Keeping in mind that I infrequently use Wing Clip, and that sometimes an Immolation Trap misses and wastes time in combat, I tried to evaluate Counterattack's usefulness by running some tests on Young Stranglethorn Tigers, one at a time in batches of ten, using various combinations of only Raptor Strike, Counterattack, and Mongoose Bite. For the tests I kept my pet dismissed and used no other attacks at any time or buffs other than Aspect of the Monkey in an effort to normalize the results as much as possible.
While Raptor Strike and Mongoose Bite were doing the lion's share of damage, Counterattack generally represented 5% of the overall damage when it was brought into the mix. As I said for Immolation Trap, five percent is not insignificant. My average dps across tests was 47.2.
And yet it's clear that Counterattack is not really designed for melee. It does fair damage, but the attack immobilizes the target for 5 seconds and cannot be blocked, dodged, or parried. Like Wing Clip, the real purpose of Counterattack is plainly to allow the hunter to escape to a point where he can resume ranged attacks.
The trick, then, to maximizing melee damage is to make every attack hit as hard as possible. This means more than just using a hard hitting two-handed weapon. It means maximizing your crit chance and adding in more damage whenever and however possible. Using a good weapon is a start, but I found that using a weapon that has a chance on hit proc is even better.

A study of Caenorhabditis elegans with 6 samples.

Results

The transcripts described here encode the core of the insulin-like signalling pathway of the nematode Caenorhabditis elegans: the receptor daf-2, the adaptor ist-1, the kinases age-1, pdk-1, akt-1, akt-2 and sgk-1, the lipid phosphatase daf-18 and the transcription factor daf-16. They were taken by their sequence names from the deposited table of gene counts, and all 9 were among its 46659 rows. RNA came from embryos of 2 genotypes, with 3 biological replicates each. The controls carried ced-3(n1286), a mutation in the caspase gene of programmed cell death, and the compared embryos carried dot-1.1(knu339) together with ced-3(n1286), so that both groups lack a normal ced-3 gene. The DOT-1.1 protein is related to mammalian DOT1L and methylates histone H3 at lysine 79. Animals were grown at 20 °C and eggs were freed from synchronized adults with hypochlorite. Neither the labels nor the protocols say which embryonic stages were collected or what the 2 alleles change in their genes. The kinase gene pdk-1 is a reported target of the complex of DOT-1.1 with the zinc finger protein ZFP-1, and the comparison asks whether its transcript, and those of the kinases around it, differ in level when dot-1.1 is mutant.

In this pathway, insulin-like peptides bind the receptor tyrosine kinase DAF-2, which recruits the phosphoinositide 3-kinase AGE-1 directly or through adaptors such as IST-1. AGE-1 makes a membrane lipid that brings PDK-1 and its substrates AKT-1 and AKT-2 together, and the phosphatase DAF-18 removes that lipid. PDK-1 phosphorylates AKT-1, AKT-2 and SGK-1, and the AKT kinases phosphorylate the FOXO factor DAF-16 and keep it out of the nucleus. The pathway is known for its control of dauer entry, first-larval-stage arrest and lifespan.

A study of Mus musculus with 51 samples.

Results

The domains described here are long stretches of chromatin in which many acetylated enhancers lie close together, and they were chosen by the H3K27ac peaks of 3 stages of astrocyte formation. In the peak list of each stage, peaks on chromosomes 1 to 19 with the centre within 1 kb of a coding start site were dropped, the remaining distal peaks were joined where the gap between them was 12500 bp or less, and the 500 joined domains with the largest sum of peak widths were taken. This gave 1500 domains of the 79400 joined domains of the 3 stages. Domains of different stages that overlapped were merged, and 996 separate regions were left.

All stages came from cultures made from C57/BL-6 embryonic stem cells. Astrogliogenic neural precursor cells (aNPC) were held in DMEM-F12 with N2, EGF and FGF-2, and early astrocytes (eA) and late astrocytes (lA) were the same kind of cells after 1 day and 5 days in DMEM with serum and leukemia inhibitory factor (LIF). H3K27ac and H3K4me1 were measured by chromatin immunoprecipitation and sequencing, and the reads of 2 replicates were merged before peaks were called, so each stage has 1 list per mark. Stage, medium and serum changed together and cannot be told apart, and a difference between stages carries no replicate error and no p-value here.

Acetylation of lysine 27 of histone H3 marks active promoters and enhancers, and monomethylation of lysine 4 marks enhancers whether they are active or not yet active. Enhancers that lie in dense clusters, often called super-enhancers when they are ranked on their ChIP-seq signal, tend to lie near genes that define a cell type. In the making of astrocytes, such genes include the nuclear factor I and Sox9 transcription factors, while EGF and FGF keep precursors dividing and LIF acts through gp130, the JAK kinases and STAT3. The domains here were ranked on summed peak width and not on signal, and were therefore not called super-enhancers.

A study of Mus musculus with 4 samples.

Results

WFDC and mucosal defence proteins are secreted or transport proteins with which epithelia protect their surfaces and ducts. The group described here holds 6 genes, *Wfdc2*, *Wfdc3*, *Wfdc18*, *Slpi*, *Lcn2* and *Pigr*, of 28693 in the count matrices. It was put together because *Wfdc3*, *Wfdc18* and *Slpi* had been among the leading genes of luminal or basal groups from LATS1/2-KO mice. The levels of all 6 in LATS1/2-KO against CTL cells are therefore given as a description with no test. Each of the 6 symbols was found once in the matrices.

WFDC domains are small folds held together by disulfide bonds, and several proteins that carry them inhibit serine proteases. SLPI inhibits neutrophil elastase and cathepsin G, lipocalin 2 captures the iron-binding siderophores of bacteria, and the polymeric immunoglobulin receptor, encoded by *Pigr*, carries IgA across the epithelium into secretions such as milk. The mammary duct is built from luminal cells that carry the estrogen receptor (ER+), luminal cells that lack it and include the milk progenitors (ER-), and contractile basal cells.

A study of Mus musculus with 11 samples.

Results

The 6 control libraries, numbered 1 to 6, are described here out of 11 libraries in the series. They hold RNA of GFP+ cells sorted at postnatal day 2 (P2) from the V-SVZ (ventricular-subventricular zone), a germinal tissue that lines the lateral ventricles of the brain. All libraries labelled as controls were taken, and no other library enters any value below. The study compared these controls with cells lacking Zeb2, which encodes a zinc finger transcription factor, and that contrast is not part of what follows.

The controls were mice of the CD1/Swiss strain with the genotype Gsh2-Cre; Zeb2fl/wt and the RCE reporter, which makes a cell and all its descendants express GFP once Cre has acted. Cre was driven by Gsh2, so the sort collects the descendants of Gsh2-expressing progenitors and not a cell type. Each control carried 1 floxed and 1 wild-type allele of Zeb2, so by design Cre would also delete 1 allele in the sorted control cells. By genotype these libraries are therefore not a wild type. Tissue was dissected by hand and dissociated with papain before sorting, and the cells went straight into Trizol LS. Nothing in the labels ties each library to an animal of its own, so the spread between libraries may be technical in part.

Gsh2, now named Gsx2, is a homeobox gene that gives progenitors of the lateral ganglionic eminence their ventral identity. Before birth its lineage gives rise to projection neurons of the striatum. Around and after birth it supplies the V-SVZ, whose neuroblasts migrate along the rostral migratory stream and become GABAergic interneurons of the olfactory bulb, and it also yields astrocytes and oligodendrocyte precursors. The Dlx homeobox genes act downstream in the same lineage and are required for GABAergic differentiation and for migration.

After looking at my average dps, I applied a bottle of Shadow Oil to my polearm. Shadow Oil gives your melee weapon a 15% chance on hit of casting Shadow Bolt (Rank 3) at your opponent when it hits, causing 48 to 56 shadow damage. My dps jumped from 47.2 up to 53.0, a full 12% increase. I also observed that the chance on hit effect did apply to my "special" attacks, proccing after Raptor Strikes and Counterattack as well as regular melee attacks. I also saw that the Shadow Bolts would occasionally crit. This is great news. Those pitiful Wing Clips, for example, now have a 15% chance of hitting for 61 damage instead of 5.
Granted, Shadow Oil isn't a panacea, because it doesn't scale. But looking at this effect in a generalized context, it points out that a weapon that naturally carries a chance on hit, like the Diabolic Skiver or the Grim Reaper, has the potential to greatly improve your melee results. I've not yet had the chance to test out a DoT effect from a weapon versus a simple bonus attack such as the Shadow Oil provided, but I've procured a Poison-tipped Bone Spear that I intend to begin using.
With my next major melee attack, Kill Command, not coming until level 66, I'll continue to look for ways to improve the immediate efficacy of my physical attacks.